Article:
Well there are those who think Sheridan's move might not prove to be his wisest. The Socialist Party was quick off the mark, making, I think, a pretty measured series of criticisms. Solidarity has put out a statement that neither "endorses or condemns" his appearance. His other allies, the SWP have yet to put anything out on their website. Whatever they end up saying, I doubt they won't feel the need to defend Sheridan in the same way they did Galloway.
The question Sheridan's comrades will ask when he leaves the house will be one word: why? The SP statement offers what some might see as a generous explanation.
The consequences financially [of the court action against News of the World, and subsequent perjury charge] for Tommy and his family have been dire. It has proved impossible to find paid work and undoubtedly these difficulties and other associated financial pressures have played a key role in his decision to take part in CBB.And offers a non-BB solution to these dire straits;
We understand these pressures but it would have been better, via the large support that exists in the socialist and trade union movement for him, to find an alternative solution. When the Liverpool 47 councillors were surcharged and banned from office for the "crime" of standing up for the people of Liverpool in the1980's an appeal to the Labour movement raised more than £100,000.Others are not so charitable. Kevin Williamson, formerly of the SSP, writes in his December 14th blog:
Fame is a drug. Its not as good as proper drugs - and the side-effects can be horrendous - but each to their own I suppose. An addiction to facile superficial fleeting celebrity can surely be the only explanation for Tommy Sheridan's decision to take part in Channel 4's Celebrity Big Brother. (Unless there's a fat cheque at the end of it).There are elements of truth in both. Tommy's family may well be hard up. But then again, Sheridan has never really been averse to the spotlight. Remember this? And this? How about the comedy career? And it would be an injustice if this was forgotten too.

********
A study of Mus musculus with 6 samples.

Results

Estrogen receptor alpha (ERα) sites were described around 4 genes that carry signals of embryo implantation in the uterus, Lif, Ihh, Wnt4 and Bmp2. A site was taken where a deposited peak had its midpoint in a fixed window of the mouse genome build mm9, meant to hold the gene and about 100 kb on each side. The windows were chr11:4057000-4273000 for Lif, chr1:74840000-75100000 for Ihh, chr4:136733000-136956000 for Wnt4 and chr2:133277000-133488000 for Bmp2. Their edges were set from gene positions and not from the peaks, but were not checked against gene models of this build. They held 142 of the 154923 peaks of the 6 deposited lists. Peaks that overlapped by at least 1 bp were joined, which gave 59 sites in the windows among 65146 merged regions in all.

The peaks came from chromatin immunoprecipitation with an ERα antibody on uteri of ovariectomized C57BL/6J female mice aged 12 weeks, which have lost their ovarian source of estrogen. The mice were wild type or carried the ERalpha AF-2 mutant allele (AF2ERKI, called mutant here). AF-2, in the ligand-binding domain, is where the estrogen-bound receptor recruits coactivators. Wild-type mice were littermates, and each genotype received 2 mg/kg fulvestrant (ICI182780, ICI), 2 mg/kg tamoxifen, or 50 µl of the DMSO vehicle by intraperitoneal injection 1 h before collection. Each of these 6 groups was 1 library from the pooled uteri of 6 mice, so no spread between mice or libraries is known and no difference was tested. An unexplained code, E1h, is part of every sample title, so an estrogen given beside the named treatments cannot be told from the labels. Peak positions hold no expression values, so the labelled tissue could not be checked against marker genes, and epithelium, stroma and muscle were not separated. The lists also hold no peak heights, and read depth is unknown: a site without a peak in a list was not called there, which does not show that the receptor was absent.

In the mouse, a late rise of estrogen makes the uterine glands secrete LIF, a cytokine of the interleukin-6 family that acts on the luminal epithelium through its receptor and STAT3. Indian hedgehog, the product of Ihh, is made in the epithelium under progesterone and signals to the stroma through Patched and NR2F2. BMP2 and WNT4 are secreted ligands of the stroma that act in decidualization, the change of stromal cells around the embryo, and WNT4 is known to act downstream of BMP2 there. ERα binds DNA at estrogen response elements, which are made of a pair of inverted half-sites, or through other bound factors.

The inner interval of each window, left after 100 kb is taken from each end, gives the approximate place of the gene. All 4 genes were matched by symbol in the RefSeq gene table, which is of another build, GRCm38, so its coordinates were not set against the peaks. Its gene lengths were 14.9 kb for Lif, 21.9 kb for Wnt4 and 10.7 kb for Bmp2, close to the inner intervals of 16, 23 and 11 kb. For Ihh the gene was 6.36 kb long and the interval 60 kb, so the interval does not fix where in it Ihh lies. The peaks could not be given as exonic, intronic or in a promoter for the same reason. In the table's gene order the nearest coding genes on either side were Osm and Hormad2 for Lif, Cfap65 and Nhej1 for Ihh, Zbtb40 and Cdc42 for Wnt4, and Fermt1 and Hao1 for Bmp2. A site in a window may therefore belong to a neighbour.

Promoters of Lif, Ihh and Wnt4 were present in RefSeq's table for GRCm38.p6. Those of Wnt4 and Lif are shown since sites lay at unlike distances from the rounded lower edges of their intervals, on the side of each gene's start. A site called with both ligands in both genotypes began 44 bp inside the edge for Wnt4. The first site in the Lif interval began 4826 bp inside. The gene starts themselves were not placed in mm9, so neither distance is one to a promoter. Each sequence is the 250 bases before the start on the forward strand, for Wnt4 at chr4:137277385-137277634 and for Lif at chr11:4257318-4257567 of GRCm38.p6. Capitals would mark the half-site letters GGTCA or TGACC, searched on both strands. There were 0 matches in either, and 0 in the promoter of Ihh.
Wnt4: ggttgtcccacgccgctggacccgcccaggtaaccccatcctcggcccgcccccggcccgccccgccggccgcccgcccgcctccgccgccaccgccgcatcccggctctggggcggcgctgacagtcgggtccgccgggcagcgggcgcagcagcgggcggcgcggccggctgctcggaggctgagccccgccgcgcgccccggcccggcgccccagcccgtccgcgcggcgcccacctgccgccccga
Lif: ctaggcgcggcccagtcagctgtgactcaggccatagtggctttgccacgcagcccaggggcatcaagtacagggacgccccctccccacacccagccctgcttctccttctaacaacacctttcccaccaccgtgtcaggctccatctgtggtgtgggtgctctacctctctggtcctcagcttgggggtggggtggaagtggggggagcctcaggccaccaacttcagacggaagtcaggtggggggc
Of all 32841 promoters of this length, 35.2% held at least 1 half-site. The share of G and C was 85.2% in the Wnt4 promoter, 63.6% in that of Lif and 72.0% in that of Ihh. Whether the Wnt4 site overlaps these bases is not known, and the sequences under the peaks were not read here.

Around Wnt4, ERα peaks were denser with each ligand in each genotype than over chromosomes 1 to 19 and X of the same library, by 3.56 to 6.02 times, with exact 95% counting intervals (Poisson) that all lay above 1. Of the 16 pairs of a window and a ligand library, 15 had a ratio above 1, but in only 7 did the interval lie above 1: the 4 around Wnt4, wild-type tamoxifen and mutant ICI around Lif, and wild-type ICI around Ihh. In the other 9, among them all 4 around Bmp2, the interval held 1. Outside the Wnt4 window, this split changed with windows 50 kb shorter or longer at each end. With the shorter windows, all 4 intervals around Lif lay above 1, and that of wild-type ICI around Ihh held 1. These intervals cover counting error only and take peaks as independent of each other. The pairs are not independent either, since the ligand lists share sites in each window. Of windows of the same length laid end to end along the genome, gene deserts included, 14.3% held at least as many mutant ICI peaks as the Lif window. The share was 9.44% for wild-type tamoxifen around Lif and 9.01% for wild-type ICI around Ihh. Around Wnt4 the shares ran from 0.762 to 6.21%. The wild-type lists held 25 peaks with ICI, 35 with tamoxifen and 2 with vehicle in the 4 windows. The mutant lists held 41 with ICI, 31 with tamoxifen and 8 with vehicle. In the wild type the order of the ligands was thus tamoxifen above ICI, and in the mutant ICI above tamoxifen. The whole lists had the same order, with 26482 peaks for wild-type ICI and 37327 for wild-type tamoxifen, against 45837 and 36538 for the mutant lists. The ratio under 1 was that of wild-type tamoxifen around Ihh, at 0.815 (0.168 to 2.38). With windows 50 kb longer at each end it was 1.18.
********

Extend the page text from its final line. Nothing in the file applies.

Some will use this as an opportunity to take potshots at Militant, SML, the pre-split SSP, and Solidarity, as each have a responsibility for promoting Tommy as a distinctive political personality. But becoming a celebrity is a process, the length of which depends on the avenue taken to fame. These comrades put Sheridan forward to build their organisations, which enabled him to capture a media profile, but then different processes come into play. He started to play the celebrity game, albeit partly limited by his eight years as a Holyrood MSP. But once he lost his seat at the 2007 election, he turned toward celebrity to make a living. From that point it was probably only a matter of time before appearing on Big Brother.
Unfortunately for Sheridan, even if his conduct in the house is irreproachable, this celebrity will be difficult to overcome if he wants to return to Holyrood. Galloway's speaking tours are successful, but for the majority of working class people he is remembered for his Big Brother antics, and saluting Saddam. There's no reason to believe it will be any different for Sheridan. CBB will offer Sheridan opportunities, but only in the celebrity system where fame equals exposure equals money. A world of OK!, Strictly Come Dancing, Cash in the Celebrity Attic, etc. is there for the taking.
This whole affair should be a warning to the socialist movement. In the future when our movement throws up charismatic figures, we must be on our guard. The celebrity system will be open to these comrades and may go as far as courting them. But be under no illusions. Playing the celebrity game will damage the standing of any prominent activist. In effect, celebrity can nullify the danger they represent to the system.
Now, that's quite enough of that. Time for the really important discussion. What are Sheridan's chances? Will he bond with Coolio? Is class conflict with "Tory bird" Lucy Pinder in the offing?